Los Angeles Zoo

Diminutive Duiker Born at Los Angeles Zoo

12486097_10156425933595273_5020895740945745106_oPhoto Credit: Susan Pearson

A Red-flanked Duiker was born the end of January, at the Los Angeles Zoo and Botanical Gardens. The diminutive bovid was recently photographed enjoying the California sun.

The Red-flanked Duiker (Cephalophus rufilatus) is a species of small antelope found in western and central Africa. They grow to almost 15 in (35 cm) in height and weigh up to 31 lb (14 kg). Their coats are russet, with greyish-black legs and backs, and white underbellies.

Red-flanked Duiker feed on leaves, fallen fruits, seeds and flowers, and sometimes twigs and shoots. The adults are territorial, living in savannah and lightly wooded habitats.

The females usually produce a single offspring each year. Breeding and births tend to occur year round as young animals have been seen during the wet and dry season. Gestation is about five-and-a-half months. Duikers are considered precocial but are concealed in vegetation by their mother for several weeks after birth. They are sexually mature when they are about one year old, but probably do not breed until later. Lifespan in captivity is up to 10 years.

Adult males and females are, in general, similar in appearance, but males have short backward-pointing horns up to 9 cm (3.5 in) long. Females are often hornless, or may have shorter horns. Both males and females have large preorbital glands on their snout in front of their eyes, which form bulges in their cheeks. These are common to all members of the genus Cephalophus but they are larger in the Red-flanked Duiker than in other species.

The Red-flanked Duiker is an adaptable species. The removal of trees by logging and the conversion of its natural habitat into more open savannah and farmland have allowed it to increase its range. It is fairly common in the areas in which it is found, though numbers are decreasing, in general, due to severe hunting pressure.

The Red-flanked Duiker was one of the four most frequent species of bushmeat on sale in the Republic of Guinea, along with Maxwell's Duiker (Cephalophus maxwelli), the Greater Cane Rat (Thryonomys swinderianus), and the Bushbuck (Tragelaphus scriptus).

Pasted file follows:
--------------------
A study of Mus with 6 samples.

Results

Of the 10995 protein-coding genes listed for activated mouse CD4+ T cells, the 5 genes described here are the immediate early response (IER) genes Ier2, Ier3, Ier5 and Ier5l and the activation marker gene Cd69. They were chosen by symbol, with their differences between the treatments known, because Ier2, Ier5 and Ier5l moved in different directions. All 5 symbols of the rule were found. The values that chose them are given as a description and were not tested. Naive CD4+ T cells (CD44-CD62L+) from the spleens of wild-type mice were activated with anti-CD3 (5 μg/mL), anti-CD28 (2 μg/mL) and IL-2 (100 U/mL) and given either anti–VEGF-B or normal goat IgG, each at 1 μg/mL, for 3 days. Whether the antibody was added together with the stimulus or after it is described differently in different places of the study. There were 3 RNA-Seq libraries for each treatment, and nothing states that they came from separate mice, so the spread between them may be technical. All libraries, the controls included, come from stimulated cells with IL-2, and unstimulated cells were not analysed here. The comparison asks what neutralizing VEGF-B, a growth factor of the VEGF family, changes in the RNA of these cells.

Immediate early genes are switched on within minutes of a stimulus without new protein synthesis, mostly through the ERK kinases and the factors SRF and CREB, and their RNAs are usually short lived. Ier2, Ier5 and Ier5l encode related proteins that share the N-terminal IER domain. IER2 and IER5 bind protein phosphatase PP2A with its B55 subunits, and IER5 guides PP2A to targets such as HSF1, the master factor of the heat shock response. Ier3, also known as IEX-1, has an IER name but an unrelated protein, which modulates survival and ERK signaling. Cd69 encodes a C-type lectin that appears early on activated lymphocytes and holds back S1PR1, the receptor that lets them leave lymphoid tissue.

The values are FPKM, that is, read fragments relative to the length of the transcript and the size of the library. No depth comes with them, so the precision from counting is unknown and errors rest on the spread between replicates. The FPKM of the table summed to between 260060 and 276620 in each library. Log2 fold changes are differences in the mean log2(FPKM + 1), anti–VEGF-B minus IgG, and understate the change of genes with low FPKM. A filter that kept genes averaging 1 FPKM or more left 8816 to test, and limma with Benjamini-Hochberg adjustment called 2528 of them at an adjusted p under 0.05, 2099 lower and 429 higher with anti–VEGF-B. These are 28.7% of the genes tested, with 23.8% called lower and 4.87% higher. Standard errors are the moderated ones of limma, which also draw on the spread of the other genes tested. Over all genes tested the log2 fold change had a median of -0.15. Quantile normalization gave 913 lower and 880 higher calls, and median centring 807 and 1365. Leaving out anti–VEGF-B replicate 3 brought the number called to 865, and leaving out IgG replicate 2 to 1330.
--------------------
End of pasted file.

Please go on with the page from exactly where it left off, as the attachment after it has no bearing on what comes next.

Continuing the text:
However, the Red-flanked Duiker occurs in a number of reserves and protected areas where it is less liable to be killed for meat, and it is currently classified as “Least Concern” on the International Union for Conservation of Nature’s Red List of Threatened Species.

L.A. Zoo Loves Leo the Giraffe Calf

Giraffe Baby Leo JEP_6871[1]The Los Angeles Zoo welcomed a male Masai Giraffe calf, on November 20th

Giraffe Baby Leo Kiss JEP_6114[1]

Giraffe Baby Leo JEP_9090[1]

Photo Credits: Los Angeles Zoo

The calf was born to six-year-old mother ‘Hasina’, and 18-year-old father, ‘Artemus’. This is the second calf for Hasina, who came from the San Diego Zoo in 2010.

This is a birth the L.A. Zoo is thankful for, as the population of giraffes across the African continent is drastically declining due to hunting and habitat loss.

A Los Angeles area couple also felt a connection to the baby giraffe, and they made the decision to ‘adopt’ the baby and chose to name him ‘Leo’. In making a significant gift to the Zoo’s animal acquisition fund, which promotes vital wildlife preservation and breeding projects locally and around the world, donors Patricia and Stanley Silver chose to name the baby giraffe after Mrs. Silver’s late father, Leo Guthman.

Leo can now be seen on exhibit with the other giraffes daily, weather permitting.

Los Angeles Zoo Welcomes a Takin Calf

1 takin

The Los Angeles Zoo and Botanical Gardens has announced the birth of a healthy Takin! She was born on February 12 and can now be seen on exhibit.

Related to sheep, Takin are a goat-antelope found in the eastern Himalayas. There are four different subspecies: the Sichuan or Tibetan Takin, the Mishmi Takin, the Shaanxi or Golden Takin, and the Bhutan Takin. The Takin is the national animal of Bhutan.

2 takin

3 takin

4 takinPhoto credit: Los Angeles Zoo and Botanical Gardens

Takin live in family groups of up to 30 individuals, and travel seasonally to feed on leaves and grasses at different elevations. They are found in grassy alpine zones as well as forested valleys. Threatened by overhunting and habitat loss and fragmentation, the species is classified as Vulnerable by the IUCN.